The 256MB MP-100 from Jens of Sweden packs considerable punch into a bite-size package at a fair price ($199). This ultracompact plug-in MP3 player has the small size, the light carriage, and the robust features to put a serious dent in the competition, although we prefer the updated version of the product, the MP-110, which has a sturdier design.
The MP-100 comes in a stainless-steel cylinder; open it up, and out pops a silver device roughly the size of a packet of chewing gum. While the MP-100 lacks the elegance of the sleek Philips MP3 Key Ring, it's about the same size (3.1 by 1 by 0.6 inches) and almost as light (1.4 ounces). One thing you won't find on most plug-in players is a screen. The MP-100 has a backlit, 128x34-pixel LCD that shows lots of information: track, artist, and album name, along with elapsed and total time, track number, battery life, and volume level. Next to the play/pause/power button on the bottom of the player is a jog dial that lets you skip tracks, adjust the volume, and navigate menus. Transferring music to the MP-100 is a simple matter of plugging the player into your system's USB port, then dragging and dropping your music files onto the player. The MP-100 works with systems running Windows 98 SE and later, Mac OS 8.6 or later, and Linux OS.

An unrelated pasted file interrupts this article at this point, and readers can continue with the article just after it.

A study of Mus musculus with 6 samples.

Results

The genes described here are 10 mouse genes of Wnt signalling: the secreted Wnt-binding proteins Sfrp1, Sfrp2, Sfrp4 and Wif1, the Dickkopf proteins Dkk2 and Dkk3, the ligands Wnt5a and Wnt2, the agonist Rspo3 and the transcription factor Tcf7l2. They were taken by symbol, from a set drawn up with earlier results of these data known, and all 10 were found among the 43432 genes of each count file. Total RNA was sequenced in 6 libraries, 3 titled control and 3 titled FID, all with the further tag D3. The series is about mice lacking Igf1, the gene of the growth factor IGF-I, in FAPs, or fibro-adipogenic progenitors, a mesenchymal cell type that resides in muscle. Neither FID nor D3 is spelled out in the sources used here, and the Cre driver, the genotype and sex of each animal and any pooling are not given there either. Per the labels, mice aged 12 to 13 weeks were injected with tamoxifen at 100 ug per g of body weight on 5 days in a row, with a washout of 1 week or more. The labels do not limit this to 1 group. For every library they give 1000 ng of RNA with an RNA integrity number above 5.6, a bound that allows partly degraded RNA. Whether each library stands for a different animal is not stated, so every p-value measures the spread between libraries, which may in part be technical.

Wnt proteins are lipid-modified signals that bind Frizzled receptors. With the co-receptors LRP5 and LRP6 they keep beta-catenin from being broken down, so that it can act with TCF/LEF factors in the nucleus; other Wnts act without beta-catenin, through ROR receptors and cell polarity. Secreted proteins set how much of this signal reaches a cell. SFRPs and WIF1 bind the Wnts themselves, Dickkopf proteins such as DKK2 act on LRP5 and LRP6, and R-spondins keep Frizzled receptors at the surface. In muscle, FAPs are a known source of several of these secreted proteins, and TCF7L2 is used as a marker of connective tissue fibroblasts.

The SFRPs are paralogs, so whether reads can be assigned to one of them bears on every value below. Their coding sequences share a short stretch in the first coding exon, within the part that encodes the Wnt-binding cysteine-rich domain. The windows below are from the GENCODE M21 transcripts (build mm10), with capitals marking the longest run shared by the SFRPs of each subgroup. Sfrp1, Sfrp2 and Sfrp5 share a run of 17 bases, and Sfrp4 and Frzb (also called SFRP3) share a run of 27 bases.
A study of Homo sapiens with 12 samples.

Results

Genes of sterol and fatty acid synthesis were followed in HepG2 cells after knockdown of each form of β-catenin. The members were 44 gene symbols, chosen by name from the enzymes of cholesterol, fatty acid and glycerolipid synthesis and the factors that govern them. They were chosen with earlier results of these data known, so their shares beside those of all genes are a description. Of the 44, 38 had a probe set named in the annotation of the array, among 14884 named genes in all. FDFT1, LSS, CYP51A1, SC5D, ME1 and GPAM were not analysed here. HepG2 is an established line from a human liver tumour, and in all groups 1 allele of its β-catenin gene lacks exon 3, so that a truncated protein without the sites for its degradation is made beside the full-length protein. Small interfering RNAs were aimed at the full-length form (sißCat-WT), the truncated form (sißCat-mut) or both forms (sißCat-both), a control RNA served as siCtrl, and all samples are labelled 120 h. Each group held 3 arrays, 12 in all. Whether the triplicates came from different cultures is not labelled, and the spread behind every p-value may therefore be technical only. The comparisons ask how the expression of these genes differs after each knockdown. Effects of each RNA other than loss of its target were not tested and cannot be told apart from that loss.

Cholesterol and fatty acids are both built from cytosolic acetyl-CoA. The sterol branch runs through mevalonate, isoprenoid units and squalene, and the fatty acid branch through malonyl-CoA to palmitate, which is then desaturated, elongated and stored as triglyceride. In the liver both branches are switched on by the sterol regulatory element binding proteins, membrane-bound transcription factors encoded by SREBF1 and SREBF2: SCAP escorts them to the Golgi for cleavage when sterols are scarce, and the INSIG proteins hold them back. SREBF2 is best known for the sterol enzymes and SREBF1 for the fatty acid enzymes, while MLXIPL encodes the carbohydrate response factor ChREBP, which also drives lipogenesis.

The player doesn't skimp when it comes to extras. The unit boasts an FM radio with 15 presets, and depending on the sound-quality setting you choose, it can record up to 17 hours of radio to a WAV file. Finally, the built-in mike records voice memos between 3 and 17 hours (again, depending on the quality setting) in length. Optional extras include two cases, an armband, and a portable travel charger (220V only).
Sound quality on the MP-100 was excellent, thanks to its equalizer and a signal-to-noise ratio of 90dB. Plus, it outputs enough power for most listeners: 7mW per channel at 16 ohms. Armed with nine presets (including Rock, Pop, Techno, and Jazz) and a user-defined mode, the EQ lets you tweak sound to your liking.
The lithium-polymer battery charges via USB and lasts up to an impressive 14 hours at a stretch.
While the MP-100 isn't the sexiest MP3 player we've seen, this small wonder mocks the competition by combining decent sound quality and high-end features in a compact, plug-in design.